Once you have generated the errors and warnings, there are many ways you can integrate the results with Team Foundation Server, including the following:
Create a check-in policy to ensure that all members of your team are required to catch and correct all C++ code analysis errors.
Create a check-in note to set who reviews the C++ code before it is checked-in.
Associate a warning to a work item. You can then publish it to the Project Portal, or assign it to another member of your team.
Check-in policies are essential for controlling the quality of the code entering your source code repository. Team System's source control engine comes with built-in static code analysis. All you need to do is enable it. Here are the steps:
Go to the Team Explorer pane.
Right-click on your Team Project and select Team Project Settings Source Control. The Source Control Settings dialog box will appear.
Click the Check-in Policy tab and then click New. The Add Check-in Policy dialog box appears, as shown in Figure 9-7.
Now it's time to create a check-in policy that incorporates code analysis. To do this, select the Code Analysis policy in the Create New Check-in Policy dialog box.
The Code Analysis Policy Editor will launch, enabling you to fine-tune the policy options. An obvious choice is the Enforce C/C++ Code Analysis (/analyze) option. This will enforce a static code analysis run for all C or C++ code checked into the source repository (illustrated in Figure 9-8).
You can also optionally select "Enforce check-in to only contain files that are part of the solution." This option will ensure that the checked-in code is part of a solution file.
When you are done, click OK to enable the policy.
The check-in policy types can be toggled on and off quite easily using the Source Control Settings Check- in Policy Tab. External policies can be migrated over to your current solution by right-clicking on your solution in the Solution Explorer and selecting Migrate Code Analysis Policy Settings to Solution. You will definitely need administrative access to the source control server to create or edit check-in policies. Please refer to Chapter 20 for more details.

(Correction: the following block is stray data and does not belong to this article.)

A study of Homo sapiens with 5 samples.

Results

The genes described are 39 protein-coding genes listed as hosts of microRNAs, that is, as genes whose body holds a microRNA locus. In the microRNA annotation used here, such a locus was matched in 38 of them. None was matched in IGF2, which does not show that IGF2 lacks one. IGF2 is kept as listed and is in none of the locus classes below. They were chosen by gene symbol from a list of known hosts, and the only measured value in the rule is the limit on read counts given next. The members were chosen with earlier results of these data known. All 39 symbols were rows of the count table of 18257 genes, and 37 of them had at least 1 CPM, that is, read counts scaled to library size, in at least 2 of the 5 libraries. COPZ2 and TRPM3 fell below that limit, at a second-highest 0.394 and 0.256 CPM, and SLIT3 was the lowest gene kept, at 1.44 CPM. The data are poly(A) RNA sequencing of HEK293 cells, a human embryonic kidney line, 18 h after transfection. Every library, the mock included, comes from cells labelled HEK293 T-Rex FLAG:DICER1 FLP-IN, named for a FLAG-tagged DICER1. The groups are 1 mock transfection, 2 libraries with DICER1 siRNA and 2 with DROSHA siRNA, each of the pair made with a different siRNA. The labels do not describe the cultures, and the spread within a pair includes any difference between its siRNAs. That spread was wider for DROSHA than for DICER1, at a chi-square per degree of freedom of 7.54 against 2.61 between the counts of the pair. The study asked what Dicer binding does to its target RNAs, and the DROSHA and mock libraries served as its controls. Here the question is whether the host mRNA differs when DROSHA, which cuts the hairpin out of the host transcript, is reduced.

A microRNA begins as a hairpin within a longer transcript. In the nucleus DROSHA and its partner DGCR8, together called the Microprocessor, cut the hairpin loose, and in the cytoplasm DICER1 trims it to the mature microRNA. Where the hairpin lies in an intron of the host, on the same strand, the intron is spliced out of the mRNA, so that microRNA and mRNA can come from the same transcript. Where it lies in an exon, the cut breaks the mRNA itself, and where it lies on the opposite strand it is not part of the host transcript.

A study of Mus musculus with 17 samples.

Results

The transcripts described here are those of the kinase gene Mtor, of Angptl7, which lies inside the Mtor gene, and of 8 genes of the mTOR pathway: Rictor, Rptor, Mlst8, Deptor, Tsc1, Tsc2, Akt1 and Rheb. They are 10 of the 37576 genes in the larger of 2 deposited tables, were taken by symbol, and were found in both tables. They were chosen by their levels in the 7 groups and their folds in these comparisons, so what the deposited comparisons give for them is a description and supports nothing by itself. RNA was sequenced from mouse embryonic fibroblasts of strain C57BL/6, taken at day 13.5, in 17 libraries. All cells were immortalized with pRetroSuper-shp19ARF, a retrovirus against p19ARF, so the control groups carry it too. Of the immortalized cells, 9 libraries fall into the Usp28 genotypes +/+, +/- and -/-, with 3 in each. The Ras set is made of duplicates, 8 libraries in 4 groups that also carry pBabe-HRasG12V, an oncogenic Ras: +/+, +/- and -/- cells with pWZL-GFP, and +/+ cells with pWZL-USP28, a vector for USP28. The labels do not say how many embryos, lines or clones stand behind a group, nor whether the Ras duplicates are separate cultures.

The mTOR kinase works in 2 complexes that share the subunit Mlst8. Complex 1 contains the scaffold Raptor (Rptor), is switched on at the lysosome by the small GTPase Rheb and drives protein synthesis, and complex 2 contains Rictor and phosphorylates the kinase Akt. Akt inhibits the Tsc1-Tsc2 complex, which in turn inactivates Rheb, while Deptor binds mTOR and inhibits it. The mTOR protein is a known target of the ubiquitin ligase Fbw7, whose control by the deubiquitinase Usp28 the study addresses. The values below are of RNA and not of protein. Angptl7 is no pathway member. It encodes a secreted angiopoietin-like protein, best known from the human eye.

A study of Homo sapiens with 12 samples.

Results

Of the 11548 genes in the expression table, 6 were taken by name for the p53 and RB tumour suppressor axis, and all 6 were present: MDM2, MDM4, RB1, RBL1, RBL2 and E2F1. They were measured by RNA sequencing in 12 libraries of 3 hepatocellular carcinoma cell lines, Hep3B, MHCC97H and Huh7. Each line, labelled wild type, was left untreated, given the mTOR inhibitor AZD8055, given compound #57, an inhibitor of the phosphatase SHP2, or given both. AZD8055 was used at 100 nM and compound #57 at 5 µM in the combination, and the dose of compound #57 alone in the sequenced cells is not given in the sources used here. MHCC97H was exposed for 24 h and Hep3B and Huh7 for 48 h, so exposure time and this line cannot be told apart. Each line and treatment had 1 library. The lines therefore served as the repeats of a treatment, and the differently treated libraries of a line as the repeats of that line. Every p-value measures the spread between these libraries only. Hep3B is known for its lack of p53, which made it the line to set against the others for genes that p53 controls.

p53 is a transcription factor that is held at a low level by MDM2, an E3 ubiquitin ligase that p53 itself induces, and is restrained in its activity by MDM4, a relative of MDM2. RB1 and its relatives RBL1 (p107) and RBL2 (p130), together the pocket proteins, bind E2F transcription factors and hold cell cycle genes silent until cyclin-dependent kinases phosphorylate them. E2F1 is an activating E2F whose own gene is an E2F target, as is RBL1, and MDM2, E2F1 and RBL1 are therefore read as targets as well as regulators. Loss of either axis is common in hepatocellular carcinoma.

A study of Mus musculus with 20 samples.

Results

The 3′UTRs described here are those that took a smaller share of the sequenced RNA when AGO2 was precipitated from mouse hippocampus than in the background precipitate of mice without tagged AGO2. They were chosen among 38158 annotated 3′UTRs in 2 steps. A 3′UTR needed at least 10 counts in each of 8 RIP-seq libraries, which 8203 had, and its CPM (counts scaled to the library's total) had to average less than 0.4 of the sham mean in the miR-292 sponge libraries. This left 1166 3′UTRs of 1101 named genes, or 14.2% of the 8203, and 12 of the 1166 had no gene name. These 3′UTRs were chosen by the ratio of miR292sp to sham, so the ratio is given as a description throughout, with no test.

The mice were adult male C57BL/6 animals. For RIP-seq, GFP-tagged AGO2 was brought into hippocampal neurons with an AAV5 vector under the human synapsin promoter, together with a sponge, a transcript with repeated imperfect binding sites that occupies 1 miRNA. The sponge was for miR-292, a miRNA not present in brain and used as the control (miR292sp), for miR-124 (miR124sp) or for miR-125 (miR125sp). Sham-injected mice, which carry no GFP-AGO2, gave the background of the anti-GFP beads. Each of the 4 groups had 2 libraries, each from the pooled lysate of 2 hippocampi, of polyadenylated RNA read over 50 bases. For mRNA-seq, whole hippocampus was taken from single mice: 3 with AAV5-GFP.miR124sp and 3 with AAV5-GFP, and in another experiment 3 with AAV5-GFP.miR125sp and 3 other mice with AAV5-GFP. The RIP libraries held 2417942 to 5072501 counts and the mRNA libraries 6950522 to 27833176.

Check-in notes are primarily used to define who you want to review the code and the information gathered during a check-in. Three predefined roles are allowed to review your code:
Security Reviewer: This is a trusted member of your team who will perform a security audit on your source code. You can test the security of an application using a variety of tools, including AppVerifier and Code Analysis for C/C++.
Code Reviewer: This is a member of your team (other than you) who is assigned the task of doing a code review. See Chapters 13 and 14 for more information on code review methodologies.
Performance Reviewer: This team member will test the performance of your code. You can learn more about performance tweaking in Chapter 12, "Profiling and Performance."
Notes can also be used for a variety of uses, including documenting any changes to the build or your code. The notes can then be compiled into product documentation at a later date. Here are the required steps to create a check-in note for your policy:
Go to the Team Explorer pane.
Select the Source Control option from the Team Project Settings.
Select the Check-in Notes tab from the Source Control Settings dialog box.
Select one of the check-in note titles: Security Reviewer, Code Reviewer, or Performance Reviewer, as shown in Figure 9-9.
Click the Add button and either select a predefined check-in note in the Name drop-down box or enter a custom role (as shown in Figure 9-10).
The notes can be enforced by selecting the Required on Check-ins option.
You can define what notes are mandatory with a great deal of granularity using the Required column. Check-in notes can be removed in a snap using the Remove button.
If you decide to check the Required Check-ins checkbox, please note that your code will not be checked in until the user (in the designated role) enters a note. This policy enforces the good practice of getting your team to document every code review before the code is reintroduced into the source repository. Until the team member in question enters a note, the source code will continue to be checked out on your local machine.
Once Code Analysis for C/C++ has generated significant errors or warnings, the next logical step is to file a bug. Use the following three steps to effectively manage the C/C++ code analysis within Visual Studio 2005 and Team System:
Understand the warning codes generated by the C/C++ code analysis engine.
Analyze recurring warnings and errors within the context of your project.
Track and resolve problems using work items.
It is in the tracking phase where work items come into play. Here are the steps to file a warning as a work item. Once it is filed, anyone on your team and the project lead will be able to effectively manage the bug:
If you can't see the Error List window, select View Error List.
Right-click on the warning of your choice.
A context menu will appear. Select Create Work Item to create a bug. For more information about work items, please refer to Chapter 19.
If you enable C/C++ Code Analysis on your project, these settings will port over to the Team Foundation Build server. Therefore, if there are any static code analysis errors, they will appear in the build server report along with other errors and warnings.